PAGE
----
Now that President Donald Trump and Congress agreed to end the longest government shutdown in United States history, hundreds of thousands of federal employees are on their way back to work—at least for the next three weeks.
However, those employees have not received a paycheck for 35 days. That leaves 800,000 people who need to recover about an average of $5,600 in wages from the shutdown. While Congress and Trump passed legislation in early January guaranteeing furloughed workers will receive pay retroactively, it did not spell out specifically when that pay would come.
To help financially recover from being furloughed, government employees have many options to earn extra income after business hours or on the weekend.
Make extra money with a food delivery gig
Gigs with companies such as DoorDash, SkipCart, Uber Eats, Grubhub, Caviar or Hungr can be a flexible opportunity to earn extra cash. Drivers, who deliver food from either grocery stores or restaurants, set their own schedule and their own terms and can earn between $15 to $25 per hour.
These companies require potential drivers to complete an application. Then, applicants can wait up to five days to be approved. Most of these gigs require drivers to have an iPhone or Android, access to a vehicle, driving experience, a valid U.S. driver’s license and to pass a background check.
Work from home with a flexible gig
Government employees with a personal computer or mobile device and time to work before or after their job can make extra money with a work-from-home gig. For example:
- DScout pays people up an average of $15 per opportunity to share their experiences by answering multiple choice and short answer questions and sharing photos and videos.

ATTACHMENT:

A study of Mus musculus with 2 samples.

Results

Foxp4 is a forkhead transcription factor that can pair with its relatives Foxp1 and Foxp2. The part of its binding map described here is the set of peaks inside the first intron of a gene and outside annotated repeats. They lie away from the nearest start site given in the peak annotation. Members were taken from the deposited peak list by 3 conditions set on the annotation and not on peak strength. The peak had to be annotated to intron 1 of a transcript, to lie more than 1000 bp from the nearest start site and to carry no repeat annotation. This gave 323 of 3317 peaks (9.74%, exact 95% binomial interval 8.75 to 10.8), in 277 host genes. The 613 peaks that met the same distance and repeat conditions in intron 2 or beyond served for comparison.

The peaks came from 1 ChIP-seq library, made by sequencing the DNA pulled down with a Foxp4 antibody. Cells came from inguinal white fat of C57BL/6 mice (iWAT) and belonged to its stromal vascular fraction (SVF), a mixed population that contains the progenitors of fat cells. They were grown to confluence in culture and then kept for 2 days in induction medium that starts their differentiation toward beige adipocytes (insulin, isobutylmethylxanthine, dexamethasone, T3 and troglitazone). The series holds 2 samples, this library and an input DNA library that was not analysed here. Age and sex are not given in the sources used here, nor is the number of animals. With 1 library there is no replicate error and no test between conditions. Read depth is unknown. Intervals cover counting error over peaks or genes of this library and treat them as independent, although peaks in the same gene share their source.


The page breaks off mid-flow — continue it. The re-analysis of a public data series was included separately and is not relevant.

- Userlytics offers single gig or on-demand opportunities that can pay between $5 and $90 to participate in user testing and provide feedback and suggestions.
- Whatusersdo pays up to $5 per test to review and try company websites.
- Spare5 provides opportunities for users to earn between $8 and $12 per hour to do small web tasks on a computer. There are a wide variety of tasks, and most require users to identify things that computers can’t see, such as audio, video and image files.
Walk dogs and earn extra cash
Dog lovers who need to make extra money in their spare time can check out Wag!, an on-demand app that matches dog owners and dog walkers. Dog walkers can earn up to $30 per hour and set their own schedule. Wag! requires potential users to fill out an application and pass a background check that comes with a $25 fee. If the app’s not an option, check out local community boards or ask around to see if some needs help walking Fido.
Get paid to charge scooters
Both Bird and Lime pay between $5 and $20 per scooter per night to charge electric scooters. Both companies require potential gig workers to complete an application, which can take up to a week to approve. Scooter chargers for Bird must have an iPhone or Android, helmet for scooter driving, and Lime also requires reliable transportation and a valid U.S. driver’s license.
Hop to it and get paid for doing household tasks
TaskRabbit gig workers can set their own rates and schedules to do a variety of home improvement and home upkeep tasks. Some tasks include furniture assembly, handyman help, house cleaning, moving assistance or doing deliveries. Potential TaskRabbits must fill out an application that takes about 20 minutes to complete and can be approved in about a week. They must also have an iPhone or Android, a high-quality profile photo and be able to pass a background check and attend onboarding session.
Find work offline
While many apps offer opportunities to find paying gigs quickly, don’t discount asking friends and neighbors if they need help with some of the above tasks. By finding flexible, on-demand gigs, government employees can recover financially from the recent furlough and gain a new set of skills that could help in the future.